Officials Warn Stranded Stragglers The Time To Evacuate Is Now
FORT COLLINS, Colo. (CBS4) – Hundreds of people are still waiting to be rescued from canyons and mountainous terrain in western Larimer County after Colorado’s historic flooding, but there are some who say they don’t want to leave.
More than a dozen National Guard helicopters have been flying air rescues. Troops on Monday dropped off dozens of evacuees and pets and they were taken by buses to shelters. But the help won’t be available forever.
“We’re not able to continue to do food and water drops to people that refuse to evacuate on an ongoing basis,” said Nick Christensen, Larimer County Sheriff’s Department spokesman.
Residents who are refusing to leave are perhaps staying on their land to protect the property or protect their animals.
Horse trainer Jeff Burley told CBS4 he can sympathize with those who are reluctant to leave livestock.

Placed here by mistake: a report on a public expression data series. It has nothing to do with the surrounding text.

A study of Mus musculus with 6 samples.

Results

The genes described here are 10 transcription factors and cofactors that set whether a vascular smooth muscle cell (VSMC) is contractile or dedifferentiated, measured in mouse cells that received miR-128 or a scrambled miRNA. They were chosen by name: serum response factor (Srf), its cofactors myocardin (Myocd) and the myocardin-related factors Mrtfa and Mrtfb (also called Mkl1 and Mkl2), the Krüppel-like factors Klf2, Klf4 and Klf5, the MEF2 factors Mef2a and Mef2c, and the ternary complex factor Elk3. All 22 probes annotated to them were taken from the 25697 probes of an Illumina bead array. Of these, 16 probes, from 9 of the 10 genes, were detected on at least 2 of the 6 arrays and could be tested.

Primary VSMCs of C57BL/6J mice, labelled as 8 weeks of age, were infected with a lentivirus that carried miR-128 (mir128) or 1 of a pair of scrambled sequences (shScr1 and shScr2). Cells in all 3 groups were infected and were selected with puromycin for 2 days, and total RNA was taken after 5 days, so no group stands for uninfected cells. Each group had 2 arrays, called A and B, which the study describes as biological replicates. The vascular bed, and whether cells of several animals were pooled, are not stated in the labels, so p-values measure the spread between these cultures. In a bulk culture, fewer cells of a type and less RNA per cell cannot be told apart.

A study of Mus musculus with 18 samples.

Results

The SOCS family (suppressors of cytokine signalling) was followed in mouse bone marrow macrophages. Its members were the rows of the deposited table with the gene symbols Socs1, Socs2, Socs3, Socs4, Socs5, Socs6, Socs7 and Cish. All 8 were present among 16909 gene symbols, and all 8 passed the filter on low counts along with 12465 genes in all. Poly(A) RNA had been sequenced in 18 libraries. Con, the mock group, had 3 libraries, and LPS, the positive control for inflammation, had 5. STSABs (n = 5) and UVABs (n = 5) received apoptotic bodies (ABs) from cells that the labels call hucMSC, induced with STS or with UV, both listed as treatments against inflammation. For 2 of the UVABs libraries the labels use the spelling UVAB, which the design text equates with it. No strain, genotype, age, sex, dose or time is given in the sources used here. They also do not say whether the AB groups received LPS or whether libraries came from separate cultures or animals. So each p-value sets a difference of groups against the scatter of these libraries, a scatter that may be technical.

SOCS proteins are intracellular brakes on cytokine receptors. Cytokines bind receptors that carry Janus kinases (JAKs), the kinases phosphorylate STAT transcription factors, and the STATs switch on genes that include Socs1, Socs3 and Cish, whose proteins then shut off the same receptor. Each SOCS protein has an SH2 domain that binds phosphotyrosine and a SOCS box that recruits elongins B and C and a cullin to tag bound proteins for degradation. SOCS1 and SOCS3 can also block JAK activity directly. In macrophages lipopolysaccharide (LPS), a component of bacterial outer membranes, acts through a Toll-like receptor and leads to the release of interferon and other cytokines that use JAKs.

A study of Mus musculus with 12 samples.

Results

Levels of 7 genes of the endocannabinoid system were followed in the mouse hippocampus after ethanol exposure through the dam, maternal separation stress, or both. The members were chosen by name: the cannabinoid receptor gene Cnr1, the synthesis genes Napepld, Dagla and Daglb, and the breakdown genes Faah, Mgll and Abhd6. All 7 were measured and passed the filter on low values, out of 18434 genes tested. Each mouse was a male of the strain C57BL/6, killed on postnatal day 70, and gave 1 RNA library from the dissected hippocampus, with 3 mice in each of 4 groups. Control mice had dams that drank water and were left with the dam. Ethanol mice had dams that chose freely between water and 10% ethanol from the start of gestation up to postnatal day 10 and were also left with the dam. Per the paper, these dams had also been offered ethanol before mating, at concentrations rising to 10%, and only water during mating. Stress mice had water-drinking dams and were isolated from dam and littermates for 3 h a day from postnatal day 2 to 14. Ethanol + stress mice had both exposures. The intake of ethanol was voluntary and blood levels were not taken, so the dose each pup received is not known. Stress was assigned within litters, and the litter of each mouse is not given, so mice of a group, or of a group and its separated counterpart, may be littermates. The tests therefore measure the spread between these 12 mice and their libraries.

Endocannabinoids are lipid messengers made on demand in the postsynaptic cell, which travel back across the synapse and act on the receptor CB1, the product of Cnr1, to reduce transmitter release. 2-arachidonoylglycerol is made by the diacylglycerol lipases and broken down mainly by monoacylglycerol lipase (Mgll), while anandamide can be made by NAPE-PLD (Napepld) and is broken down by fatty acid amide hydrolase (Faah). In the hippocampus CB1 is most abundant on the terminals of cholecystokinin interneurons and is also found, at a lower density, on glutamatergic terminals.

“It is hard for others to understand what the animals mean to us,” Burley said. “They are like children.”
Most of the horses Burley works with at T & L Quarter Horses of Greeley escaped the South Platte River flooding there last Friday. Five horses had to be left behind.
“There was no getting to the property at all,” Burley said. “I didn’t sleep Friday night because we didn’t know if he would find our animals dead or alive.”
Those horses were later found and are recovering and most of the T & L horses are now being cared for at the ranch events compound in Loveland.
Christensen and other officials warn that stranded stragglers may have to make a choice soon.
“Life safety is paramount. Everything else can be repaired or replaced,” he said.
Read more about the rescue at T & L Quarter Horses on the website of the American Quarter Horse Association.
Colorado Floods: How To Help
The recent floods are impacting families and communities throughout Colorado, so CBS4 has compiled a list of ways you can support the local communities impacted by the floods.